This set of animations and interactive simulations from the Byrd Polar Research Center at Ohio State University helps students develop an understanding of models used to understand the Earth System. Students consider the types of data that need to be included in a climate model, looking at inputs and outputs as well as variables, such as land surface, and how to measure changes of different parts of Earth's surface over time.

This activity covers the role that the oceans may play in climate change and how climate change may affect the oceans. It is lesson 8 in a nine-lesson module Visualizing and Understanding the Science of Climate Change.

A series of activities designed to introduce students to the role of sediments and sedimentary rocks in the global carbon cycle and the use of stable carbon isotopes to reconstruct ancient sedimentary environments. Students will make some simple calculations, think about the implications of their results, and see an optional demonstration of the density separation of a sediment sample into a light, organic and a heavier mineral fraction.

In this activity students learn how Earth's energy balance is regulating climate. This activity is lesson 4 in the nine-lesson module Visualizing and Understanding the Science of Climate Change.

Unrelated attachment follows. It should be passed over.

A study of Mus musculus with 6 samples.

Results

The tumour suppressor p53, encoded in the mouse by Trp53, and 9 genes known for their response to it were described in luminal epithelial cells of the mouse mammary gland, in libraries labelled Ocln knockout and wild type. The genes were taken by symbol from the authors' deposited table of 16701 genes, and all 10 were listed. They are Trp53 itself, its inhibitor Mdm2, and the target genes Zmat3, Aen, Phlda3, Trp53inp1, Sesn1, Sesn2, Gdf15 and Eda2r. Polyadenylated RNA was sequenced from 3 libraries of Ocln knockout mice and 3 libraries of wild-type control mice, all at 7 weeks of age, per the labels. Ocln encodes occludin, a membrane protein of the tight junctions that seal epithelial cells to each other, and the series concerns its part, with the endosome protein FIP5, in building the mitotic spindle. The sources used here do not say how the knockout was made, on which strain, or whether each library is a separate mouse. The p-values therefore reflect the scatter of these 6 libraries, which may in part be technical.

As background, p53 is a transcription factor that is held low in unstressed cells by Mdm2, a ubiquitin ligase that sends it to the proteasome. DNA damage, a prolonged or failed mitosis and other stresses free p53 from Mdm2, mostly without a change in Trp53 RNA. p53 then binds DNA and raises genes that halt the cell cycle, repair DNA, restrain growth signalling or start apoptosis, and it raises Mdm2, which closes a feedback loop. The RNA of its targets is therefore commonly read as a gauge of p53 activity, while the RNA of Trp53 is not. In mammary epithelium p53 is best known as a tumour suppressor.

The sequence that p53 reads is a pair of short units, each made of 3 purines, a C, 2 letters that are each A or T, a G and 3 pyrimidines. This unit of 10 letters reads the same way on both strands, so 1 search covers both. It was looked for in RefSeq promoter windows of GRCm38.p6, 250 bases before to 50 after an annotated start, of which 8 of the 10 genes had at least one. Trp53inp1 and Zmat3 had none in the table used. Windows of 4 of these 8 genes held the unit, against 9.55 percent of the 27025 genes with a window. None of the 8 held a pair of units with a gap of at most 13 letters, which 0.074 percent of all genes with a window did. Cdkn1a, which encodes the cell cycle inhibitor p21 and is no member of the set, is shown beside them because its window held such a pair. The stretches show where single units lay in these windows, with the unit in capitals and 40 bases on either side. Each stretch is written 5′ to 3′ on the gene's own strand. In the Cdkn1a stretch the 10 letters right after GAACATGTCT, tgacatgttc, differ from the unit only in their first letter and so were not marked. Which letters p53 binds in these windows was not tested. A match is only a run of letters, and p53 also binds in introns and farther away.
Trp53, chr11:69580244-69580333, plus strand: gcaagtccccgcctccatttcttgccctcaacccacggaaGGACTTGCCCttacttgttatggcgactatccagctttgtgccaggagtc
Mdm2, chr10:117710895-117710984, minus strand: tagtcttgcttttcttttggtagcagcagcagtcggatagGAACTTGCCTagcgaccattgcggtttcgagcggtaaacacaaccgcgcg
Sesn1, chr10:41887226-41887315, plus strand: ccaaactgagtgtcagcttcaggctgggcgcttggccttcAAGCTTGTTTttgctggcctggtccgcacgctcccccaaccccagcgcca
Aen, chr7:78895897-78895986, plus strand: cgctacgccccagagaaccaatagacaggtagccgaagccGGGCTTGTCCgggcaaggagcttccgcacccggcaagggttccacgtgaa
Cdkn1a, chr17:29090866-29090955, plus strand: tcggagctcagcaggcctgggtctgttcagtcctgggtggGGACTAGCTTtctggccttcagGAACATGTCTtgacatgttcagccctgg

In this video segment, two students discuss the greenhouse effect and visit with research scientists at Biosphere 2 in Arizona, who research the effects of global climate change on organisms in a controlled facility. Their current research (as of 2002) focuses on the response to increased quantities of CO2 in a number of different model ecosystems.

This animated visualization was created for the planetarium film 'Dynamic Earth'. It illustrates the trail of energy that flows from atmospheric wind currents to ocean currents.

In this video, students see how data from the ice core record is used to help scientists predict the future of our climate. Video features ice cores extracted from the WAIS Divide, a research station on the West Antarctic Ice Sheet.

This three-panel figure is an infographic showing how carbon and oxygen isotope ratios, temperature, and carbonate sediments have changed during the Palaeocene-Eocene Thermal Maximum. The figure caption provides sources to scientific articles from which this data was derived. A graphic visualization from the Intergovernmental Panel on Climate Change shows the rapid decrease in carbon isotope ratios that is indicative of a large increase in the atmospheric greenhouse gases CO2 and CH4, which was coincident with approximately 5C of global warming.

In this video from the Polaris Project Website, American and Siberian university students participating in the project describe their research on permafrost.

In this activity, students examine the effects of hurricanes on sea surface temperature using NASA data. They examine authentic sea surface temperature data to explore how hurricanes extract heat energy from the ocean surface.